Vermont's only active landfill has been approved to accept waste at nearly double its current rate. Casella Waste Systems Inc., will be able to accept up to 600,000 tons per year at its landfill in Coventry. A new permit from the Agency of Natural Resources raises the yearly limit from 370,000 tons.
Joe Fusco, vice president of Casella, said the permit does not translate to an automatic ramp-up to the higher limits. "It just means you have the authority to reach that rate," Fusco said. He said Casella will market the landfill regionally to attract new waste streams to the facility near Newport.
In addition to waste streams from many parts of Vermont, the Coventry landfill also accepts some items from outside the state, including sewage sludge and contaminated soil. All out-of-state materials must be approved on a case-by-case basis, Fusco confirmed.
"Anything coming from out of state would have to meet whatever standards Vermont law lays out," Fusco said.
The landfill is active on a 45-acre parcel called Phase IV. Casella engineer John Gay said in July that Phase IV had about 10 to 15 years of capacity remaining. It was not immediately known to Fusco on Friday how that projection might be changed by the new rate at which the landfill can accept material.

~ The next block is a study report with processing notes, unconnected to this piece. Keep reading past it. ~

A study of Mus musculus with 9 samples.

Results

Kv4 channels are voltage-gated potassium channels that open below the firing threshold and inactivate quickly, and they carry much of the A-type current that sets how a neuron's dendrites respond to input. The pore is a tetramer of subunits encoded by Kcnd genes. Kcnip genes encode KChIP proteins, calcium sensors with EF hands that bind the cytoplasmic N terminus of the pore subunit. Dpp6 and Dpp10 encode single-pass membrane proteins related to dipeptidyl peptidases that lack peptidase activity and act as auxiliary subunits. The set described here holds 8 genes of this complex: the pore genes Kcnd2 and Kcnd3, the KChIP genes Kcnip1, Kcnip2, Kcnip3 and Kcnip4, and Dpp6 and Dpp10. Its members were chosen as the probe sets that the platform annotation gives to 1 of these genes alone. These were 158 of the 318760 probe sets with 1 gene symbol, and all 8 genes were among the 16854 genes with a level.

Before moving on to the next phase, Casella will have some work to do. Phase V is actually two old landfills that will have to be excavated, Gay said, and the material must be placed into a lined landfill to conform with modern environmental safety standards.
The permit to increase the rate at which material is accepted at Coventry follows an Environmental Court order for the Florida-based company Advanced Disposal to close and cap the Moretown Landfill in central Vermont. The September consent decree upheld ANR's March decision to not re-certify the landfill for continued operation, after alleged environmental violations and concerns about odor.
Gay said the permit to increase Coventry's collections was filed in October 2011.
Fusco said the Moretown closing did change the economics of trash in Vermont. But some border towns, including the Burlington Area Transfer Station, might continue to send their waste out of state.
"The disposal market is not one that understands or recognizes state borders, unless enforced by statute," Fusco said. "If you're in Bennington, your options are down in that part of the world, rather than up by the Canadian border."
Casella has operated the landfill in Coventry since its purchase of the site from a Canadian company in 1995, Fusco said. The company created New England Waste Services of Vermont as a subsidiary to operate the site. Casella operates nearly a dozen other landfills outside Vermont.